Hot off the press, the Los Angeles County Supervisors today voted to increase the minimum wage in LA County to $15 per hour by 2020 — further evidence that Irvine’s recent repeal of the city’s once leading Living Wage Ordinance is an embarrassment to city leaders.
Here are the details from the LA Times:
“The Los Angeles County Board of Supervisors, leaders of the nation’s largest local government, voted Tuesday to raise the minimum wage from $9 an hour to $15 over the next few years in county unincorporated areas.
The higher wage would apply to county workers but also those laboring in county-controlled unincorporated areas. The action follows an identical increase adopted by the city of Los Angeles in June.
The vote was 3-2 to approve the wage for workers in unincorporated areas of the county, with Supervisors Michael D. Antonovich and Don Knabe casting the opposing ballots. They contended that a higher wage would put too much pressure on businesses.”
But in raising the wage for county government workers, Knabe joined Supervisors Sheila Kuehl, Mark Ridley-Thomas and Hilda Solis in voting in favor of the increase.
The widely anticipated votes could put the greater Los Angeles area on track to have a $15-an-hour regional wage — or leave workers facing a patchwork system in which some of the 87 independent cities in the county move to a higher wage while others hold out.”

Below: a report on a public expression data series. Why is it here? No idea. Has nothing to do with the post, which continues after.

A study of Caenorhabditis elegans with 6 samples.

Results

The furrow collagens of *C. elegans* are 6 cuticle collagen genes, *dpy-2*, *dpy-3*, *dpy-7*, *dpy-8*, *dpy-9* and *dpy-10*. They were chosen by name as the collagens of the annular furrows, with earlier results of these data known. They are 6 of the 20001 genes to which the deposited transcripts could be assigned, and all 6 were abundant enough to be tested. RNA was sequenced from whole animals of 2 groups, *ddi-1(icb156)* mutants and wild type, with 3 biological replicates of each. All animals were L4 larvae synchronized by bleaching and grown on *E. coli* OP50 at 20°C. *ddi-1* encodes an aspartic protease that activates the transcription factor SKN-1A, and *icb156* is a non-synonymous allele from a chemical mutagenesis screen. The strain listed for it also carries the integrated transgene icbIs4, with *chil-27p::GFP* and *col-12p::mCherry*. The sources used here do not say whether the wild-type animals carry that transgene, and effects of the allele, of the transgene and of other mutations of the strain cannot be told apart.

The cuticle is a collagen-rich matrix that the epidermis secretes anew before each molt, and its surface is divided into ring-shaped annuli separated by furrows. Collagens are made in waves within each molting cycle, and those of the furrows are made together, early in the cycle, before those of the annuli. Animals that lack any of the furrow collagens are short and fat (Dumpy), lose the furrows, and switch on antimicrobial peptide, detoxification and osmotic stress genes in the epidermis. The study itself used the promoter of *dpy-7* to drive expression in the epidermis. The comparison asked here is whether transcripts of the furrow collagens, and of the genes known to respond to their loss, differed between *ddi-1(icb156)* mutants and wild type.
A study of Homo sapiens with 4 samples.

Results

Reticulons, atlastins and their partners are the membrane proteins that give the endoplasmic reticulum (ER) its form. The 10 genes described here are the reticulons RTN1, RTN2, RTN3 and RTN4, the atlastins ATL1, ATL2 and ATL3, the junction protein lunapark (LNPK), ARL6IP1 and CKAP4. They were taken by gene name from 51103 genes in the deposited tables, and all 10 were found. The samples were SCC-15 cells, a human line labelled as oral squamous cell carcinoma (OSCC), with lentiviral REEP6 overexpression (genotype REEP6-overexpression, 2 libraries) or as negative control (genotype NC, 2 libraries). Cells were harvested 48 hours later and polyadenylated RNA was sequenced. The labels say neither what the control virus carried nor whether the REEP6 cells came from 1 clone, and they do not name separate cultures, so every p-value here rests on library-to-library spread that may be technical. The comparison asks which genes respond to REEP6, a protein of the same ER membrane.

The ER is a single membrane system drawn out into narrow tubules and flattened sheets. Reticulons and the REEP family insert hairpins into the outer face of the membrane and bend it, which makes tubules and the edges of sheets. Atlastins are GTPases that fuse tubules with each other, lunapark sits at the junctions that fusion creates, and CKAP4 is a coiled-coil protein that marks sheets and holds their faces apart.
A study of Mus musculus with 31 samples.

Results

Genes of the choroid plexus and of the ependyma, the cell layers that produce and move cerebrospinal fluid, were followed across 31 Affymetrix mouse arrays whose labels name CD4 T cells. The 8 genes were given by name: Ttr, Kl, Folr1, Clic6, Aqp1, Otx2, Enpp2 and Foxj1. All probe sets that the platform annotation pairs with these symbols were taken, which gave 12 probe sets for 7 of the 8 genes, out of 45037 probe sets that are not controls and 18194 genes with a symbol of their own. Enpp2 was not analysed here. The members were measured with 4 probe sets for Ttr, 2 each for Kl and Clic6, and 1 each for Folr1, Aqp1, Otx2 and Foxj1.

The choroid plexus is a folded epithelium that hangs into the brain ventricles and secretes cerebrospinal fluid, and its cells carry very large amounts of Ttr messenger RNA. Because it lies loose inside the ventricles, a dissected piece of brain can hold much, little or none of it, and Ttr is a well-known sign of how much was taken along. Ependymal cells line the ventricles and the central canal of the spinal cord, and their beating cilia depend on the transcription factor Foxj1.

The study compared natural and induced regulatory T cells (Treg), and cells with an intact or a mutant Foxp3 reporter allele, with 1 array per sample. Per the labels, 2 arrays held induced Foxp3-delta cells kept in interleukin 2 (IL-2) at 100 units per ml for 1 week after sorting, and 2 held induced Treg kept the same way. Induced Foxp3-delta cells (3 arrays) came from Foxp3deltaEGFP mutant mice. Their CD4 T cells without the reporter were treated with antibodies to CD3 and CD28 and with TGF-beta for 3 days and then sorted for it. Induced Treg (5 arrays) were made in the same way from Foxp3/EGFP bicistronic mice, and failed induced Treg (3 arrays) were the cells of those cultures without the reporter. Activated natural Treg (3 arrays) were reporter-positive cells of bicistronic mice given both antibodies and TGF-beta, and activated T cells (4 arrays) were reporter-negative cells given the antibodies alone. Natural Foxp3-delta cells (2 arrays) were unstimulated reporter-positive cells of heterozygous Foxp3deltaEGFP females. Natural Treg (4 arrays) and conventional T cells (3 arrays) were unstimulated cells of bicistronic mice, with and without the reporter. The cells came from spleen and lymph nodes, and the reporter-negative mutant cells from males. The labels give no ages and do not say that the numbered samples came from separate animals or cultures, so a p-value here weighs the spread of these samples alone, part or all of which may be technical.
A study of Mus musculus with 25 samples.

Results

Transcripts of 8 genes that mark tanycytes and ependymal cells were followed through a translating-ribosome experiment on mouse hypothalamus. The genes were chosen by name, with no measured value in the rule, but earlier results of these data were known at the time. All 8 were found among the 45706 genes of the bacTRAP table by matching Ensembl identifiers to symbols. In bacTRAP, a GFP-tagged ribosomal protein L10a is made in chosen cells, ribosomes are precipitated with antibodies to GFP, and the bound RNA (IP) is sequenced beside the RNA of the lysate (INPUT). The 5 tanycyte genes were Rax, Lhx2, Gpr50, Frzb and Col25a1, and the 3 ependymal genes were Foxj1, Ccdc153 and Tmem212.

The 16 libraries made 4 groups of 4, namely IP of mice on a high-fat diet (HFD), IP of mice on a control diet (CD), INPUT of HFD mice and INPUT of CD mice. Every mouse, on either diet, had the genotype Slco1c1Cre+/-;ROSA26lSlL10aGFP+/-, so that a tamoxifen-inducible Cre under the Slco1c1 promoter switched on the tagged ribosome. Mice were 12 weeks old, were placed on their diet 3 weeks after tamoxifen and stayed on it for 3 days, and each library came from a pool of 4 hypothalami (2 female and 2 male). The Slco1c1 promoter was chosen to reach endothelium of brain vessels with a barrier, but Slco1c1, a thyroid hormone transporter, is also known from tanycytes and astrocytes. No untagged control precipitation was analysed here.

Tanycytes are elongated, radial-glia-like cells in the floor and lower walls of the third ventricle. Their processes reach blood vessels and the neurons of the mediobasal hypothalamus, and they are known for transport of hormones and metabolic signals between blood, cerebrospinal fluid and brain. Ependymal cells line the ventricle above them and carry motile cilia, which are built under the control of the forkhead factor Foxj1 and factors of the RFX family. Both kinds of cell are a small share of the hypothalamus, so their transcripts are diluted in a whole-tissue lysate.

There’s an old canard that increases in minimum wage will cost jobs — but historically, that’s never been the case. Pay workers more, especially workers at the lower end of the payscale, and they spend that extra money on durable goods and items for the family that further stimulates the county.
The move by LA County and a recent National Public Radio news story on Irvine’s repeal of a nearly 8 year old Living Wage Ordinance is further evidence that the Irvine City Council is moving backwards and not forward. The move by LA County means ,is also evidence that labor is a commodity. Sure, there are people in OC who will work for the state’s minimum wage but if minimum wage is a few dollars more, the best of that labor force will seek employment to the North. So Irvine will pay less for services and get lesser quality work from those the city council screwed over.
Over at OC Weekly, writer Gabriel San Roman is pushing an idea that Anaheim should pass a Living Wage Ordinance to $15 that every employer in the city would have to honor regardless of the deal struck between the city and Disneyland. I’m not sure $15 is enough and wouldn’t mind seeing $18 and hour or $20 an hour, which would certainly give more buying power to Anaheim residents and reduce the city’s Childhood Poverty rates.
I don’t believe that Anaheim Mayor Tom Tait could support that and still maintain a positive relationship with Orange County’s Lincoln Club. James Vanderbilt, also a Republican, would likely not support it either. It’s hard to see if any proposal to pass a Living Wage law could garner at least one vote on the council.